Supporting Retrospectives

02 Oct 2007

Project reviews, or retrospectives, are broadly adopted within agile and other development communities as a mechanism to enable team learning through experience. They are often structured as a forum for the team to review recent experiences in a constructive way, then moving onto generating a list of lessons learned and potential changes to investigate or include in future development work. The reviews are frequently supported by only minimal data which can lead the team to be ignorant of significant but gradual changes over the course of the project, or as a mechanism to support hypotheses of the team. Could a ready access to such metrics and reports for use in a supporting role within retrospectives be effective?

End of Project and Iteration Retrospectives

Most teams start with retrospectives occurring at the end of the project, as described in Norman Kerth’s Project Retrospectives: a handbook for team reviews. This provides a great vantage point to take in the full extent of the entire project, and can produce a worthwhile holistic view of the proceedings, team reconciliation, generate issues to be wary of the next time, and observations and discovered techniques for passing on to future projects.

Still, one can feel that some of the value from the process is lost by holding the meeting at the end of the project when so much has been forgotten and where one is not able to immediately apply the suggestions. Agile processes typically suggest holding retrospectives more frequently, often to mark the end of each iteration, which could be every couple weeks or month. Suggestions can be acted upon and even refined over time by exposure to multiple retrospective sessions. The shorter period under examination can also make the meetings more tractable.

Often these meetings are supported by minimal supporting materials that document the development process, such as only a time-line of significant events, more to log the memory of the attendees than to act as a tool to help with analysis. As such the team is often blind to trends over the course of the project that might reveal items of significant impact on the project, or to clarify the extent of issues that frustrated the team but which they don’t fully understand through casual observation.

We would suggest that ready access to some simple trending of metrics over the course of the project could help to trigger discussions on unexpected traces or to act as a basic tool to assist in resolving pressures felt by the team.

As an example, here are a pair of charts from a project:

Principals Test Runs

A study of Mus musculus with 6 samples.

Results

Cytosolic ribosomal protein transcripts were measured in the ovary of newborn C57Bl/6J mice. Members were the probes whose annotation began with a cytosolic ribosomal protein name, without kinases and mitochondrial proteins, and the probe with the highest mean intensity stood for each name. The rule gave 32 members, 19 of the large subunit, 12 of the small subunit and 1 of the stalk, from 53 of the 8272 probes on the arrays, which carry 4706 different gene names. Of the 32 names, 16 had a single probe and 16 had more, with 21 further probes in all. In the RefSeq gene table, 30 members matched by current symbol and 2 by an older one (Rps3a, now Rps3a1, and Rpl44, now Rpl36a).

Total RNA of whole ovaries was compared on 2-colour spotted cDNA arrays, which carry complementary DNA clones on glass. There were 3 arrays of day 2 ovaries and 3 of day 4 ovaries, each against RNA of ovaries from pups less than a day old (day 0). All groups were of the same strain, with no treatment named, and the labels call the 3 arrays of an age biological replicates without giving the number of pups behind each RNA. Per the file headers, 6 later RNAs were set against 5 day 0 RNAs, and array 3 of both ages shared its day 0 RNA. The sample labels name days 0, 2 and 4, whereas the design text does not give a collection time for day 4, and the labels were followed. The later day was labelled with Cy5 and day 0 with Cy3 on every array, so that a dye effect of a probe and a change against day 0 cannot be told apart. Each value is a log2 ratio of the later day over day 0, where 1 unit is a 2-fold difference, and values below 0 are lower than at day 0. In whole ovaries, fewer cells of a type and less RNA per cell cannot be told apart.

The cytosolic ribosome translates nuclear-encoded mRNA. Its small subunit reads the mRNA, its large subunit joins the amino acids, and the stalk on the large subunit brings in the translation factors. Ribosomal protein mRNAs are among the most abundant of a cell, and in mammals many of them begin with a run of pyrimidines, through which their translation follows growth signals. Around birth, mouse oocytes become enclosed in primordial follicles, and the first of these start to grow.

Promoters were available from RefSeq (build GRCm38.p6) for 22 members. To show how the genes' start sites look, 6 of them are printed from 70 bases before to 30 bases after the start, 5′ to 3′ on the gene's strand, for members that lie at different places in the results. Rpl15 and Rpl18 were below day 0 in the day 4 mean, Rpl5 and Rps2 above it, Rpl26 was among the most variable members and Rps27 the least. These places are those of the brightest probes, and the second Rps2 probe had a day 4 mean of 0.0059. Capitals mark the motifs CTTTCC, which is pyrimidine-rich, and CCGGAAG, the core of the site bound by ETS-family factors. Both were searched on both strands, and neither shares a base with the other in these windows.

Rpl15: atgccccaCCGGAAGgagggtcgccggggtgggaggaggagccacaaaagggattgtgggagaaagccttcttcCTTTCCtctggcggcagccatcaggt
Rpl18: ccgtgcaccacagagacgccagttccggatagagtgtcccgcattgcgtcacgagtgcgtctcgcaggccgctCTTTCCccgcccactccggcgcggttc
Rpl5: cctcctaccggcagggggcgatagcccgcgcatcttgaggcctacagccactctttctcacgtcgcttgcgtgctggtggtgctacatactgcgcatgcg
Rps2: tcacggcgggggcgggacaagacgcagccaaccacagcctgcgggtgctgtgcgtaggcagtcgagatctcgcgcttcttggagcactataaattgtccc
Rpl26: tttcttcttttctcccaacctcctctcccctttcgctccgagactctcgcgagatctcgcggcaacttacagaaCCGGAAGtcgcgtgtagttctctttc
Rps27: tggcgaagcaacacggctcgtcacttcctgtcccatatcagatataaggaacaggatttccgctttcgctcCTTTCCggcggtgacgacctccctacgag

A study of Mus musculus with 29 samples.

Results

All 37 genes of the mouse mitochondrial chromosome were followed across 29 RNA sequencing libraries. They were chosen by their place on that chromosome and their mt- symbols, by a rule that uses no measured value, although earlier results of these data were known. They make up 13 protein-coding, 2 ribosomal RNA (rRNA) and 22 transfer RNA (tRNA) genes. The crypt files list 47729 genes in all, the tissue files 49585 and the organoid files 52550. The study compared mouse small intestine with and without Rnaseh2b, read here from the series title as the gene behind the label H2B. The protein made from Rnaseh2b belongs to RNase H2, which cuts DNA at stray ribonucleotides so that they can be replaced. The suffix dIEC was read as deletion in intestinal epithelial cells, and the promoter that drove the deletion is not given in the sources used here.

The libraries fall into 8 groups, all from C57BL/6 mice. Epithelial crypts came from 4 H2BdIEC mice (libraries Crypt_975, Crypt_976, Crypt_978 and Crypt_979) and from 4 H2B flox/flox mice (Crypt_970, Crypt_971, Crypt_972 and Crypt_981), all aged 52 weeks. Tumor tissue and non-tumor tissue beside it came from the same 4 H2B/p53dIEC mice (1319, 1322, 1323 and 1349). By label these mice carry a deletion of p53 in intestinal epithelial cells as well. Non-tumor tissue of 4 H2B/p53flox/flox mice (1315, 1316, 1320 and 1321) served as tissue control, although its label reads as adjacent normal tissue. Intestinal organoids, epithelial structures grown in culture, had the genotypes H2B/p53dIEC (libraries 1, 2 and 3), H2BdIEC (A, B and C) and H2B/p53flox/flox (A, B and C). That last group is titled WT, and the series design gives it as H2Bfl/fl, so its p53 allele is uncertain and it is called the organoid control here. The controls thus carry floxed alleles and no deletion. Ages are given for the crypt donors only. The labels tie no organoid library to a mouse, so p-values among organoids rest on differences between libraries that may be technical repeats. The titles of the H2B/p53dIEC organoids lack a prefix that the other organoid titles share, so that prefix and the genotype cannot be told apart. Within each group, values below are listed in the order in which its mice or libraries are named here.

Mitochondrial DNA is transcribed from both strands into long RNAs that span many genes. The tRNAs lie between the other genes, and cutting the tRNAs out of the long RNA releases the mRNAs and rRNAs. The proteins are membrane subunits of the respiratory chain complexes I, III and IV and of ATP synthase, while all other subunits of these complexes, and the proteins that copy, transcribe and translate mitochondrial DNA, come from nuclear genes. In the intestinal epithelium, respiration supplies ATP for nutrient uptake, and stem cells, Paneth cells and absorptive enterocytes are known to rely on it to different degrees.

The principals chart shows the growth in the number of developers over the course of the project. This is paired with the number of test runs executed by each developer.

You can see the dramatic reduction in testing activity from the early highs as the team move away from a small code base and the team expands. Then a constant stretch before the rate starts to decline at the end, possibly related to the influx of new developers to the team.

These charts are not rigorous, but they suggest a significant conversation from the team and the impact of the aging code-base, team growth and change of testing practices over the course of project.

Task and Development Session Retrospectives

There is another scale at which retrospectives or reviews can provide benefit. At the end of a piece of work, a development session, or the end of day. This allows the developer or the pair to review the major events in the session. Holding such a review immediately afterwards means the session is still reasonable fresh in the mind and significant but transient associated events such as failed paths, distractions, observations can still be acted upon. The really nice thing is that you can gain the benefits the following day rather than weeks or months in the future.

This review can be driven by simple recollections of the session, supported by design diagrams or to-do lists which were already created as part of development. These can be poor at recording all the twists and turns and the timing of events though.

Weekly Activity

The recent principal activity webpage shows a summary of the timing and result of all the test runs during the session, any added test methods, and some simple metrics shown as histograms.

This can be used for simple comparison with the session normals, highlighting if few new tests were written for example. It can also give a recap of the session, highlighting how much time was spent on bad paths or time spent debugging. Exploration of alternatives is often a very positive techniques but there are skills to be learnt to know when to close down one path and try another, such timing could help to refine techniques related to defining that choice point. Recognizing time spent triggered by poor technique can be used to understand the costs and so feedback into decisions on how much effort should be expended to reduce the chance of a similar problem in the past.